The Astrophysicist Dame Jocelyn Bell Burnell, who is a visiting professor at Oxford University, has spoken out in favour of a “culture change” towards women in science at an event in Belfast Metropolitan College.

Speaking to girls at the event, Bell Burnell said that fewer girls studying STEM, or science, technology, engineering and mathematics—compared to boys—is “something to do with the kind of culture we have in the English-speaking world, about what’s appropriate for each of the two sexes”.

While she was still a research student in the late 1960s, she was part of a team which detected the first radio pulsar, a type of neutron star. She was the first to observe and then precisely analyse the pulsars.

However, she was overlooked for the Nobel Prize in 1974, whilst her two male colleagues received the honour. She has maintained this was not due to her gender.

In 2002, Professor Bell Burnell became the first female President of the Royal Astronomical Society, and then in 2008 the first female President of the Institute of Physics. She was also made a Dame in 2007, in recognition of her achievements in the field of science.

At Oxford, in 2015 there were 409 female applicants to study undergraduate Mathematics, compared to 736 male applicants. The success was also lower for girls, at eleven per cent compared to 18 per cent for boys.

For physics, just 38 female undergraduates were accepted in total, compared to 146 male students. The University has funded the Oxford Women in Science Project, which interviewed 39 women scientists at Oxford in 2014/2015. The aim was to provide support to women making career decisions, with a focus on the medical sciences division.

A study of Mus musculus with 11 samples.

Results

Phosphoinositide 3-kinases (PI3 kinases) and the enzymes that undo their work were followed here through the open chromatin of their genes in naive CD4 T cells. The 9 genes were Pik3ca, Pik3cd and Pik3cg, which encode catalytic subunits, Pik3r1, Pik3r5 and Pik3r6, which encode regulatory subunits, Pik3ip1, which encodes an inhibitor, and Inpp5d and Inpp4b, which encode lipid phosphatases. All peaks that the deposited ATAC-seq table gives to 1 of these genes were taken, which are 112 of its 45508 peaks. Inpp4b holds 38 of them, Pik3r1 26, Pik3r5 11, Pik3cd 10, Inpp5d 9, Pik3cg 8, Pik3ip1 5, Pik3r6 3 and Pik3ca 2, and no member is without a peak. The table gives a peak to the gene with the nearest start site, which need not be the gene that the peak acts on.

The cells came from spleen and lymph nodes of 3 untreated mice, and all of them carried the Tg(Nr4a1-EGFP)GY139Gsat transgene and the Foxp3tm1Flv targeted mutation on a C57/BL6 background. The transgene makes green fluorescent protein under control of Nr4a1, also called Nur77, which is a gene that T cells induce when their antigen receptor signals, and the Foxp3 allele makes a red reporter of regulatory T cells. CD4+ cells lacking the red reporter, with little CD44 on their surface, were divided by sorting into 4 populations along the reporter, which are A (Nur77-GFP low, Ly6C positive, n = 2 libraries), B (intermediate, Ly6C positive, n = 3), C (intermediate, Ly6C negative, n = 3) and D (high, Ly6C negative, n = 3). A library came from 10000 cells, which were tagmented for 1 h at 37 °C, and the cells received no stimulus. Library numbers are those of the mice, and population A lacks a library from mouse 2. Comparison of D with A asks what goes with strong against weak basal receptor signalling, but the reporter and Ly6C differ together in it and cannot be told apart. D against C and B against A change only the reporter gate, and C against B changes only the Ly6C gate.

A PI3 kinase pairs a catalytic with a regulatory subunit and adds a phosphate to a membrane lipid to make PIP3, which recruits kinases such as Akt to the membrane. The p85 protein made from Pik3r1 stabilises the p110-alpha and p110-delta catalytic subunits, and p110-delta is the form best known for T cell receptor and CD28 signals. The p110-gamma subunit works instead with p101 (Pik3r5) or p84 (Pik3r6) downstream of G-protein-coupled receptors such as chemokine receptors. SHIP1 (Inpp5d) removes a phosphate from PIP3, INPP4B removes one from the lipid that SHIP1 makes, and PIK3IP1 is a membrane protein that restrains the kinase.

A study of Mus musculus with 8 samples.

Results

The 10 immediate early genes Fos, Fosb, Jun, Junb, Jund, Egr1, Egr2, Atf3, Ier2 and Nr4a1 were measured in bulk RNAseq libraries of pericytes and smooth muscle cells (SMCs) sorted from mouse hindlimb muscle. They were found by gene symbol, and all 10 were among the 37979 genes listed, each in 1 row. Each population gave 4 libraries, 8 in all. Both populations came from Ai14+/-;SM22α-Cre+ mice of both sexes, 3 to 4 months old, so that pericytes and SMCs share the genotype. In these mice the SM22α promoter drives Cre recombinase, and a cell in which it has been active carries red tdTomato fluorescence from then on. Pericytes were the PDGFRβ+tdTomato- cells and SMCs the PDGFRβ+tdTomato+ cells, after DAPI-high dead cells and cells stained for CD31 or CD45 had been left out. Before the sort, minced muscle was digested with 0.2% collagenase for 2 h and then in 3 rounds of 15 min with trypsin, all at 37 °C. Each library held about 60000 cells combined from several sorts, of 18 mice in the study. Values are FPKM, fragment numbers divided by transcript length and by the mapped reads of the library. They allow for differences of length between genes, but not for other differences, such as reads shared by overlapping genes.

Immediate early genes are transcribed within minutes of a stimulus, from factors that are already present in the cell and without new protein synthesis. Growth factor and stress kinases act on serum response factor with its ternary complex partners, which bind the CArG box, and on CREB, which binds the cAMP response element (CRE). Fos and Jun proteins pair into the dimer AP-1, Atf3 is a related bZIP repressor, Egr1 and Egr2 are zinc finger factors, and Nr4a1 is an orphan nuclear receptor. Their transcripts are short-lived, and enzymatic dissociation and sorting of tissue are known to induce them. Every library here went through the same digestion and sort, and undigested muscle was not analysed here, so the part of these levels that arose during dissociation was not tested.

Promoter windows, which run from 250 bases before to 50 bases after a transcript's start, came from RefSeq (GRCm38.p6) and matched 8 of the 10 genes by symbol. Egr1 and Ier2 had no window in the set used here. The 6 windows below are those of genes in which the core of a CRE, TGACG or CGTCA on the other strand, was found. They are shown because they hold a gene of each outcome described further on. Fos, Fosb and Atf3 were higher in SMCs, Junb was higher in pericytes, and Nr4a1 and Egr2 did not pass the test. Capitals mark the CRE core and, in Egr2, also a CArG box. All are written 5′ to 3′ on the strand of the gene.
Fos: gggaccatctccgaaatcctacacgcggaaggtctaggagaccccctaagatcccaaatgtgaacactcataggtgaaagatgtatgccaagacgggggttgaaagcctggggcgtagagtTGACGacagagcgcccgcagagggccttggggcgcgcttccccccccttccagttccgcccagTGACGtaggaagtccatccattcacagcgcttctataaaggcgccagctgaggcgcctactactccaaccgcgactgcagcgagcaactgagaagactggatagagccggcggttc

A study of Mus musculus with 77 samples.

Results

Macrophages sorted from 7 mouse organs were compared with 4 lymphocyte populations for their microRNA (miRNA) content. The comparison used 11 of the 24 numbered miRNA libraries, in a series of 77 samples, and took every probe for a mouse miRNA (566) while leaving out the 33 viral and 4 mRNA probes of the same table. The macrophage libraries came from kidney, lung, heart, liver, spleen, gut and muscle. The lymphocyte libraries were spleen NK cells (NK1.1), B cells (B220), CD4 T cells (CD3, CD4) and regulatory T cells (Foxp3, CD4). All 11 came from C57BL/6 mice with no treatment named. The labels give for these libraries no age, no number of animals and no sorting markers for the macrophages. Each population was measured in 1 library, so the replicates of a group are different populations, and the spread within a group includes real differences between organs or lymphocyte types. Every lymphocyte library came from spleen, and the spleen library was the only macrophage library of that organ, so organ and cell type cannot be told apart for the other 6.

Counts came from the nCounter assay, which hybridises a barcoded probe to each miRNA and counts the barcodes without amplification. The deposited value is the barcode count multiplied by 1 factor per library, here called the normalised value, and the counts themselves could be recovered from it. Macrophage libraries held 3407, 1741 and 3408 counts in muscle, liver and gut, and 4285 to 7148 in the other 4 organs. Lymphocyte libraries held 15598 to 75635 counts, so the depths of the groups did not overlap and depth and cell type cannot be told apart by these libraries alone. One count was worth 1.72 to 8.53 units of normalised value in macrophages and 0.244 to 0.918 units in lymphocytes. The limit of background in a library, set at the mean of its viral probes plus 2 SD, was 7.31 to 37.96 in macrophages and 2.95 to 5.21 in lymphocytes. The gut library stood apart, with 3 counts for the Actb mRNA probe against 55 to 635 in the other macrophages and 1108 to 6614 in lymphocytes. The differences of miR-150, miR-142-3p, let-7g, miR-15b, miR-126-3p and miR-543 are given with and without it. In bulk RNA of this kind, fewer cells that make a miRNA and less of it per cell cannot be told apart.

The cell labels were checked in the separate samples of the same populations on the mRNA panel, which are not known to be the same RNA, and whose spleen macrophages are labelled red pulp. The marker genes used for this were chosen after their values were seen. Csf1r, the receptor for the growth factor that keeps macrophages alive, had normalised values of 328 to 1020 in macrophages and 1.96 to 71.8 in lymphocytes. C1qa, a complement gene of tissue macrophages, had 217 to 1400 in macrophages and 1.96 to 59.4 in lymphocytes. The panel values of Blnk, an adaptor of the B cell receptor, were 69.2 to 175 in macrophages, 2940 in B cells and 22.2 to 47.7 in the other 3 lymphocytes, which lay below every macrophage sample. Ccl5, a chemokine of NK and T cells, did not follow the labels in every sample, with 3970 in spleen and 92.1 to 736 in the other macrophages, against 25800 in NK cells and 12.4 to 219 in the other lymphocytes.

The Vice-Chancellor Louise Richardson spoke out in support of the project, saying: “I think it’s so important that we examine why it is that women are underrepresented in science, especially in the senior levels of science.”

She added: “I think it’s imperative that we dig deeper and learn more about the range of experiences so that we can understand better how we can make it easier for women to achieve their potential in the sciences, how they can advance their careers while also having a successful private and family life.”

Speaking on her own experience in the health sciences faculty, Jamie Hartmann-Boyce, a researcher involved in the Women in Science project, said: “I’m only able to comment on my experience in my particular faculty but have found it very welcoming. I’ve been supported by strong female role models and think Athena Swan has played an important role in our department in terms of this.”

One senior Oxford sciences faculty member, who wished to remain anonymous, told Cherwell: “I wouldn’t say I’ve experienced prejudice directly. I do think as a woman of child-bearing age decisions about my career—both those made by me and those made by those above me —have not been immune from decisions about how becoming a mother might affect my career trajectory. For example, I debated not doing a DPhil because I was considering having a child— fortunately I pressed ahead with it and now have a lovely son and a DPhil to show for it.

“In terms of my experiences in my department, I’ve never felt anyone has treated me or spoken to me differently because of my gender. However, I do sometimes feel that with people who do not know me or my work as well, I (and other female colleagues) am spoken down to in a way that I have not observed happening with male colleagues.”